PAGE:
Speaker: Radu Carciumaru, Senior Lecturer, South Asia Institute, University of Heidleberg

    Mr. Radu Carciumaru delivered a talk on the topic ‘Negotiating conflict in deeply divided societies: The merits of complex and hybrid consociational power sharing systems based on the case studies from South Asia and Eastern Europe’ on 19 March, 2012. Here, the author categorically explained these variables such as negotiation, conflict, ethnic conflict, deeply divided society, etc.

    He defined conflict as a situation in which two or more actors are involved, mostly in a deeply divided society. And, ethnic conflict is an outcome of such conflicts. Taking the ideas of Horowitz, he also explained the concept of ethnic group and ethnic identity which are based on colour, language and religion depending on the tribe, race, nationalities or castes. To the author, the ethnic groups are constructed over a period of time but are often found to be deconstructed.

    In order to explain his framework, Mr. Radu took up the case studies of India, Bosnia-Herzegovina, Macedonia, Serbia (including Kosovo and Vojvodina) and Moldova.

    While talking about power sharing, the author picked up the consociational power sharing model. This model involves the domestic actors including the ones from the centre and state. Moreover, four broad principles were outlined. These include grand coalition cabinets, proportional representation, minority/mutual veto powers, and segment autonomy. In this context, India as an institutionalised state has been cited as an example for the consociational arrangement.

    Furthermore, the scholar discussed positional and principal negotiations. Taking ideas from the works of Fisher and Ury, Mr. Radu talked about separating people from the problem; focus on interests and not positions; generating a variety of possibilities before any actions; and finally a criteria by insisting that the result should be based on some objective standard. While discussing the interests, the scholar was of the view that specific identity should be well protected. Also, specific cultures, rights and opportunities should be safeguarded too. And, people involved should be encouraged to participate in decision making process in order to instil a sense of belonging.

    Alongside this, Mr. Radu also highlighted the concept of communicative negotiation. According to him, this is more applicable to the identity-based conflicts that cannot be depended on principled negotiation. Here, the participants are the communicators and the main goal is to reach an understanding based on respect. It also requires a mutual respect and also a need to recognise the differences. Most importantly, one should invent options to ensure mutual respect.

    Mr Radu also focussed on the consociational power sharing model which comprises of elite cooperation, an empirical model and a normative model. He highlighted two conditions for this model, namely, structure-oriented conditions and actor-oriented conditions. While the first set of conditions talk of non-majority segment, equal-sized segments, small population, socio-economic equality, overarching loyalty and geographical concentration of segments, the second revolves around dominant elite, external pressure, accommodating traditions and absence of special rights of claim.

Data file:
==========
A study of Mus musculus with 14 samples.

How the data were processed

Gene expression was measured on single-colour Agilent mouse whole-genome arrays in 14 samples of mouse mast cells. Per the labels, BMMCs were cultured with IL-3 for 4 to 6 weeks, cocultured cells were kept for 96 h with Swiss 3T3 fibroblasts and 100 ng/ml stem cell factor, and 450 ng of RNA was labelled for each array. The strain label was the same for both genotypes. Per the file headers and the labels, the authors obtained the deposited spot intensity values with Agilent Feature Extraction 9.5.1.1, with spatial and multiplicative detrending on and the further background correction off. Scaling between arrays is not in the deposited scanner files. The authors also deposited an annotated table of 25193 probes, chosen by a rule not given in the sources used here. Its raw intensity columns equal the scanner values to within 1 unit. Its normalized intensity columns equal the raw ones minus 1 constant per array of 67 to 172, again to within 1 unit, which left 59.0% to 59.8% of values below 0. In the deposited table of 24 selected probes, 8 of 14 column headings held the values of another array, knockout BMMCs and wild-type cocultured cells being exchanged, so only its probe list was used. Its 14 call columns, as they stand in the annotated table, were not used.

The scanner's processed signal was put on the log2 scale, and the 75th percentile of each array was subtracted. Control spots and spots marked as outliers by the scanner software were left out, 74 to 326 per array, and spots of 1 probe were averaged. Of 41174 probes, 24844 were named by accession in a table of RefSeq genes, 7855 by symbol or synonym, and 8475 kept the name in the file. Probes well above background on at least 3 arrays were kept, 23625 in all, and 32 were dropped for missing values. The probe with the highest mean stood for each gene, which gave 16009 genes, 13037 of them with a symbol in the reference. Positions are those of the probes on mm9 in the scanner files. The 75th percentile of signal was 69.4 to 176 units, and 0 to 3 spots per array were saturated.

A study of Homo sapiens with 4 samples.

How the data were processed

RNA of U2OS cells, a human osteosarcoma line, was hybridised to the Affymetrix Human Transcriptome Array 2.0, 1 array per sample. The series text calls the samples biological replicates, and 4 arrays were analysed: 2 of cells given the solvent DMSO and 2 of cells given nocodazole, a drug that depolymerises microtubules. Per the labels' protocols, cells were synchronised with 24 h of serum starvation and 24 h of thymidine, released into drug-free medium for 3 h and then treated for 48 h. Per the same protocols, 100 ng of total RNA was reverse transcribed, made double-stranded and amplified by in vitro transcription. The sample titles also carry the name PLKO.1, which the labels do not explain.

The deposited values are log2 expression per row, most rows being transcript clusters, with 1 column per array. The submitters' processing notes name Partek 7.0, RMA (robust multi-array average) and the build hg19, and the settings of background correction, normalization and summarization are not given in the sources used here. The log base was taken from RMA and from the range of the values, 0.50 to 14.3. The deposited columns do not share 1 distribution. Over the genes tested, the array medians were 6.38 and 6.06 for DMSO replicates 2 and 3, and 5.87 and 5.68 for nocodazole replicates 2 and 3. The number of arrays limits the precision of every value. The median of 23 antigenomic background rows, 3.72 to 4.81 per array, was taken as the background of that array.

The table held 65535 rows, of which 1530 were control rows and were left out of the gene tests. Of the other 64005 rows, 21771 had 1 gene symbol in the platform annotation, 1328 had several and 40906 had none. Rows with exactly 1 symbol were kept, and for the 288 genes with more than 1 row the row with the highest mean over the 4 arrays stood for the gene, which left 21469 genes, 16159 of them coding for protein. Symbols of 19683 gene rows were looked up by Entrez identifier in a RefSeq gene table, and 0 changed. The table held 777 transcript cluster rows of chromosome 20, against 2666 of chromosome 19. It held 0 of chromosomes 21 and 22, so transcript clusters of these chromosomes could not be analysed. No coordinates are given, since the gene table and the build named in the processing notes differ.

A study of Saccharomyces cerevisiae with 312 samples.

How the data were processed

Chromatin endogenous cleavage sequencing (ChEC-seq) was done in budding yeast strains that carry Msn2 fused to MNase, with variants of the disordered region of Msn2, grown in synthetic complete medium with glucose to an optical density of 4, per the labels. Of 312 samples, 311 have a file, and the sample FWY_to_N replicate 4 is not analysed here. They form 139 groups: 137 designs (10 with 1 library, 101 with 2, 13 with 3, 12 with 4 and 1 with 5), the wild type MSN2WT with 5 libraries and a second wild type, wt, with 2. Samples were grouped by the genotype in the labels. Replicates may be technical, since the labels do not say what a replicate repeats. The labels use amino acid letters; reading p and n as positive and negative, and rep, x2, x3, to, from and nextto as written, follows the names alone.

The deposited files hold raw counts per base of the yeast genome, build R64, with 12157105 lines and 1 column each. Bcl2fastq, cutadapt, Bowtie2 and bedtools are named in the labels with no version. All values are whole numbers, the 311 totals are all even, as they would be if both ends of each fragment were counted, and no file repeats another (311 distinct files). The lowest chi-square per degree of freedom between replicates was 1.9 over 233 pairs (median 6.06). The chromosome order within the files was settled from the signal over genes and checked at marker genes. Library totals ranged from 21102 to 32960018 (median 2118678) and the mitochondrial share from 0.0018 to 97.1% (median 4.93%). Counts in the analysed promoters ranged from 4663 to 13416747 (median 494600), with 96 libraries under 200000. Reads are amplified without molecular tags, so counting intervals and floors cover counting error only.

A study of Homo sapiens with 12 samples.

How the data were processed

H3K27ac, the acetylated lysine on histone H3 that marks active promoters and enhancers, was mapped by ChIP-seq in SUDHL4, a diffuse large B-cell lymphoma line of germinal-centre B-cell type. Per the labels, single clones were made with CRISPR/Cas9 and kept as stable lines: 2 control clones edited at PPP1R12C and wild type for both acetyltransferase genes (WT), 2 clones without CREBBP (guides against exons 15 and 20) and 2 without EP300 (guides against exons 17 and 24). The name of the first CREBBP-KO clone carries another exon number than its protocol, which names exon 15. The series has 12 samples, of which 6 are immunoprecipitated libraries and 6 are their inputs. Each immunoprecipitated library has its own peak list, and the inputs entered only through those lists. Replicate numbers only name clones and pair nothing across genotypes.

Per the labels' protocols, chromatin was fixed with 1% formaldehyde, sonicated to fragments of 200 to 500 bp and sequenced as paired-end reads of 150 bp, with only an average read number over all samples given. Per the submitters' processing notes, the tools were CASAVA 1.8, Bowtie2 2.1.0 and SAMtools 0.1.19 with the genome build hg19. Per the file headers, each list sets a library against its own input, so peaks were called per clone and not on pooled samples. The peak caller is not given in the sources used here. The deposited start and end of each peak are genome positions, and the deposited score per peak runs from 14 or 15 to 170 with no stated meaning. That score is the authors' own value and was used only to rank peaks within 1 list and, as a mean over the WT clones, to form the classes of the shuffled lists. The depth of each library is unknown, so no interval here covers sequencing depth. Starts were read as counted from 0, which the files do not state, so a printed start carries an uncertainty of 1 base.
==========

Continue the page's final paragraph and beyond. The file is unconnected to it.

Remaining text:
Further, the scholar stressed on the composite model for conflict-regulation in plural societies. For this, he described segmental autonomy as symmetrical and asymmetrical autonomy. Explaining this, Mr. Radu mentioned that Article 3 of the Indian Constitution has enabled the state to react more flexibly to the separatist demands by providing incentives for the self determination movements to struggle for a ‘homeland’ within the Indian Union. The aforementioned Kashmir conflict is one such instance, and comes under Article 370 of the Constitution. Similarly, Mizoram comes under Article 371. While Article 30 pertains to linguistic minorities, there are also Articles 25 and 26 and the 8 schedules.

    Coming to the cases of Bosnia and Herzegovina, the scholar talked about the Dayton Peace Agreement which ended the conflict. Moreover, the direct intervention by the international community as a mechanism to coordinate law and policy-making, judicial review and arbitration was also touched upon by Mr. Radu. In the case of Macedonia, joint committees and implementation bodies including ad hoc bodies sponsored by various international organizations are believed to be involved in power sharing systems. According to the scholar, no extensive international involvement was seen in the case of Moldova but the conflict was solved bilaterally. Apart from this, Mr. Radu stressed on the types of parliamentary representation, veto tights and also the proportionality in administration.

    The presentation was followed by discussion on the subject and a few questions were asked. One of them was over how the Kashmir issue needs to be resolved. In response to this, the scholar talked about the Indian freedom struggle which focussed on uniting people and on avoiding making enemies. Some of the opinions were that people always talked about cultures but often failed to understand ethnicities. It was also pointed out during the discussion that the problems are manifold and dealing with them is in a divided world is difficult. To do this, there is a need for an economic development. Some questions were over the concept of elite strategy and how the speaker defined the elites. The speaker stated that elites were primarily political in nature such as the politicians, in all sectors, be it local, state or national level.